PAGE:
Poliovirus detected from environmental samples in Israel - update
15 August 2013 - The World Health Organization (WHO) estimates the risk of further international spread of wild poliovirus type 1 (WPV1) from Israel to remain moderate to high. This risk assessment reflects evidence of increasing geographic extent of circulation over a prolonged period of time.
WPV1 has been detected in 67 sewage samples from 24 sampling sites in Israel, collected from 3 February 2013 to 4 August 2013. Initially restricted to southern Israel, WPV1 has now also been detected in the central district as well. WPV1 has also been isolated in stool samples from 27 healthy children (all under the age of nine years) and one adult, who had been fully immunized for their age as part of ongoing stool sample survey activities. No case of paralytic polio has been reported. In addition to routine acute flaccid paralysis, public health authorities have expanded the surveillance to all age groups and have increased enterovirus surveillance and are screening aseptic meningitis cases for polio.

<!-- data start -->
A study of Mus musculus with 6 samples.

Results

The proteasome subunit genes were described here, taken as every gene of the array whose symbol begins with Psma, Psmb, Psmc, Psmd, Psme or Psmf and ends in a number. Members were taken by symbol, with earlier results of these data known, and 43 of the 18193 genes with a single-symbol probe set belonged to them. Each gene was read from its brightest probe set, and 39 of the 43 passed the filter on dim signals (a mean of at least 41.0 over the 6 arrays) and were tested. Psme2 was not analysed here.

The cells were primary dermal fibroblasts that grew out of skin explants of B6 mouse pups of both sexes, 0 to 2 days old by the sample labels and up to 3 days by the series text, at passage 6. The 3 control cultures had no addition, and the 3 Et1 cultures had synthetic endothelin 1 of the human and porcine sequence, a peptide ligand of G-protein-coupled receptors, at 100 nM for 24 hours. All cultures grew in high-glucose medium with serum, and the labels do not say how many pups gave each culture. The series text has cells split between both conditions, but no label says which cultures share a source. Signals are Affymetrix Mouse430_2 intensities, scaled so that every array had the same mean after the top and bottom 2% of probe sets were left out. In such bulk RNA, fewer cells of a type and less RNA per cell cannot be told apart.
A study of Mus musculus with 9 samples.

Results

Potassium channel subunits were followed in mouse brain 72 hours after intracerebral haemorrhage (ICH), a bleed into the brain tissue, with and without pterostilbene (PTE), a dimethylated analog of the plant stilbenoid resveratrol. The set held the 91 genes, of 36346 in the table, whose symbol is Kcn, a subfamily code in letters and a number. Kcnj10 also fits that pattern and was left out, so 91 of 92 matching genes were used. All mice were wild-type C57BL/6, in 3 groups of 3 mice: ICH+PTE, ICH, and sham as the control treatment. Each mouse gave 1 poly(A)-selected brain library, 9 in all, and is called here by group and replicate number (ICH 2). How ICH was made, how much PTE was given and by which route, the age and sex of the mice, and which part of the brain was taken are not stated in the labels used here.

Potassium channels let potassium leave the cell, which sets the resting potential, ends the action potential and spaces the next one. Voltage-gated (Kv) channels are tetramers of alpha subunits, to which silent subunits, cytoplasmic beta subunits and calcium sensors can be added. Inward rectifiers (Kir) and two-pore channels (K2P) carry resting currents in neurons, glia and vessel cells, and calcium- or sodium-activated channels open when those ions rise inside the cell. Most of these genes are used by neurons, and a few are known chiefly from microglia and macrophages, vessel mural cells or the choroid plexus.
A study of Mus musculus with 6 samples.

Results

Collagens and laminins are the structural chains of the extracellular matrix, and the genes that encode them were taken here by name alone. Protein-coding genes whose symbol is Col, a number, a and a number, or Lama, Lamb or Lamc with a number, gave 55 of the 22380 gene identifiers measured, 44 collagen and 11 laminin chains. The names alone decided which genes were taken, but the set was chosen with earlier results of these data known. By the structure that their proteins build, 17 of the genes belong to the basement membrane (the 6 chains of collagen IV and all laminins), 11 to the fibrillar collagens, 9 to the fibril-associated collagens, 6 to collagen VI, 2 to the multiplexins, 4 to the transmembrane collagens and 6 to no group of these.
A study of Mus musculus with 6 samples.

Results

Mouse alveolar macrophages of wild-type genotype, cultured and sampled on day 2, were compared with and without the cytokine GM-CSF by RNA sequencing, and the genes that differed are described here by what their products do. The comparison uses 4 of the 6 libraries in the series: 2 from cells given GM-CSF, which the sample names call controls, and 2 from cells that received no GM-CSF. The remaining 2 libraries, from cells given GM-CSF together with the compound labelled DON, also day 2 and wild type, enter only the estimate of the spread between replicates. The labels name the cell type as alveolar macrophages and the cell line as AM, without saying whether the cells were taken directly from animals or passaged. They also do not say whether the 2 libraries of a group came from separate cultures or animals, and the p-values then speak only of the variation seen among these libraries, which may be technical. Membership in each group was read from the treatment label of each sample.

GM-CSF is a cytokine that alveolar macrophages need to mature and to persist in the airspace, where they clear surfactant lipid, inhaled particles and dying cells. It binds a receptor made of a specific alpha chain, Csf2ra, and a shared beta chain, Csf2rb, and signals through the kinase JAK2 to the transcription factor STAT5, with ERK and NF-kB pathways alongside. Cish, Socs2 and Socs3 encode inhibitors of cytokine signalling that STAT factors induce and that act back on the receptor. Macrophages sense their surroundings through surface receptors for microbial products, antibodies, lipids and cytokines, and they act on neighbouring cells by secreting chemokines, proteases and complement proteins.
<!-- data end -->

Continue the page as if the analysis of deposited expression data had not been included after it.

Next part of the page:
A supplementary immunization activity (SIA) with bivalent oral polio vaccine (OPV) started in parts of southern Israel during the week of 5 August 2013, and a nationwide campaign is planned for 18 August 2013 for children up to the age of nine years. The objective of these SIAs with OPV is to boost mucosal immunity levels in cohorts of children naïve to OPV to rapidly interrupt virus circulation.
It is important that all countries, in particular those with frequent travel and contacts with polio affected countries, strengthen surveillance for cases of acute flaccid paralysis (AFP), in order to rapidly detect any new poliovirus importations and facilitate a rapid response. Countries should also analyze routine immunization coverage data to identify any subnational gaps in population immunity to guide catch-up immunization activities and thereby minimize the consequences of any new virus introduction. Priority should be given to areas at high-risk of importations and where OPV3/DPT3 vaccine coverage is less than 80 percent.
WHO’s International Travel and Health recommends that all travellers to and from poliovirus-affected areas be fully vaccinated against polio. Three countries remain endemic for indigenous transmission of WPV: Nigeria, Pakistan and Afghanistan. Additionally, in 2013, the Horn of Africa has been affected by an outbreak of WPV1.